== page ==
17:55 Monday 17th January 2011
BBC Radio Cambridgeshire
ANDY BURROWS: A five-month exhibition about the creation of the Kings James Bible will open at Cambridge University’s library tomorrow. Experts believe that the bible, published four hundred years ago this year, had an extraordinary effect on our language, and phrases that first appeared then are still in use now. Things like “refusing to give up the ghost” “the salt of the earth” and “a law unto ourself” are some of the phrases which we still use today. The exhibition traces the history of bible translation, and examines the reception the King James version was given. Well earlier I spoke to Peter Meadows. He’s a librarian from the University’s Bible Society, and he told me why the exhibition is so important. (TAPE)
PETER MEADOWS: It’s the culmination of a long process of translating the Bible into English, which happened in the preceding century. But it’s also probably the best piece of prose composed by a committee, rather than a single author or translator. There were six companies of translators, two at Cambridge, two at Oxford, and two in London, and each committee had six to eight scholars. And amongst them they worked on particular books of the Bible. And all these scholarly inputs were merged together into this wonderful piece of prose.
ANDY BURROWS: And what was the reaction at the time?
PETER MEADOWS: It took quite a time to become popular, I think. When it was first published in 1611 it was a huge book for churches, for lecterns in churches. People in their own homes were still using the Geneva Bible of 50 years previously, which had been translated by English exiles on the Continent.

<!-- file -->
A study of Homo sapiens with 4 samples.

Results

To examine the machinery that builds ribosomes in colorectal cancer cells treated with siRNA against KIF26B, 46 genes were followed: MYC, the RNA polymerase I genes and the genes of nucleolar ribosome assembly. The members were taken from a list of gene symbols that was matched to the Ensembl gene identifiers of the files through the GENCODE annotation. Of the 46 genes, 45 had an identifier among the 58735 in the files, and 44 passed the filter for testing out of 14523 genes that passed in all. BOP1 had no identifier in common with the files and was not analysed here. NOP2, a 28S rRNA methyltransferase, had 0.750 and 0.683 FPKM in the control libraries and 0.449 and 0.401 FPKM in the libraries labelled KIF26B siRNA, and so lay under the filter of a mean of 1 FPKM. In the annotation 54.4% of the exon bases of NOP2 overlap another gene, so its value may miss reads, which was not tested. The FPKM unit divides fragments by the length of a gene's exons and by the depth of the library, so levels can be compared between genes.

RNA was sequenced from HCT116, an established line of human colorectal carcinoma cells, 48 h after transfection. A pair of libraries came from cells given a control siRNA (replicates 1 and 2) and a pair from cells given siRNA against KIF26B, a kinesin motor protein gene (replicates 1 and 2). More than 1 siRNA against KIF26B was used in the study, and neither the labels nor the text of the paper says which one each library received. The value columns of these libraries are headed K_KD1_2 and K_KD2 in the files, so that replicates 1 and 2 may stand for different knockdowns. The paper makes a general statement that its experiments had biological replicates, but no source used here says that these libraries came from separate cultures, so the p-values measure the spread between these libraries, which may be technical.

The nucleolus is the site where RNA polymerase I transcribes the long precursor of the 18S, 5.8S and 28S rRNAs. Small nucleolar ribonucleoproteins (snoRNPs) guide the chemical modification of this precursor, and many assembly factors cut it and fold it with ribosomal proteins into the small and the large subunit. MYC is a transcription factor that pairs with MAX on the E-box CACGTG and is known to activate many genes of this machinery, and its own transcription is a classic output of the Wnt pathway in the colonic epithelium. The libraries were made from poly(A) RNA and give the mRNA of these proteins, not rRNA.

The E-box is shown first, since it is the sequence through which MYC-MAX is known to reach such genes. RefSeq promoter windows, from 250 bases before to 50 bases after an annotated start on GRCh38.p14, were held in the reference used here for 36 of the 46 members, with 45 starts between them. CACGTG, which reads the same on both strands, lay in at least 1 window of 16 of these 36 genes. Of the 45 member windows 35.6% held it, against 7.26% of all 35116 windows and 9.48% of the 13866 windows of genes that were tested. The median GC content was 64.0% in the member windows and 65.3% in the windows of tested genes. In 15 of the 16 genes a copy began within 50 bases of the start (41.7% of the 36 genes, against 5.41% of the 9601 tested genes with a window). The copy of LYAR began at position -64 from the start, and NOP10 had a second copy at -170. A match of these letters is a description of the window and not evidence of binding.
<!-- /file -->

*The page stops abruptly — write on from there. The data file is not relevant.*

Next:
ANDY BURROWS: And I understand that academics at the time, or scholars rather, took delight in pointing out its errors.
PETER MEADOWS: Yes. The errors crept into subsequent editions really. Of course the editions had to be put together with movable type, and it was very easy to make slips. And some are more serious than others.
ANDY BURROWS: Anything spring to mind?
PETER MEADOWS: Well, the Wicked Bible of 1631. The Kings printer did this edition, and missed out a word from the Ten Commandments, so that it came out as “Thou shalt commit adultery.” (THEY LAUGH) And as a result he was fined three hundred pounds, which equates to about half a million in today’s money, and reprimanded, and spent the rest of his life in debtor’s prison.
ANDY BURROWS: Good grief. Good grief. In terms of personal satisfaction Peter, what does this mean to you, this exhibition?
PETER MEADOWS: It means to me that I have done an exhibition at the University Library. Over the course of our careers, not many of my colleagues are involved in doing exhibitions. This is the first one that I have done, and it brings together some of my interests and expertise in the Library, and that I look after the Bible Society Library, and I’m also the Archivist to the Bishop of Ely. So a lot of my interests have come together in this exhibition. (LIVE)
ANDY BURROWS: I’m sure they have. Lovely man. Peter Meadows, a librarian from the University’s Bible Society.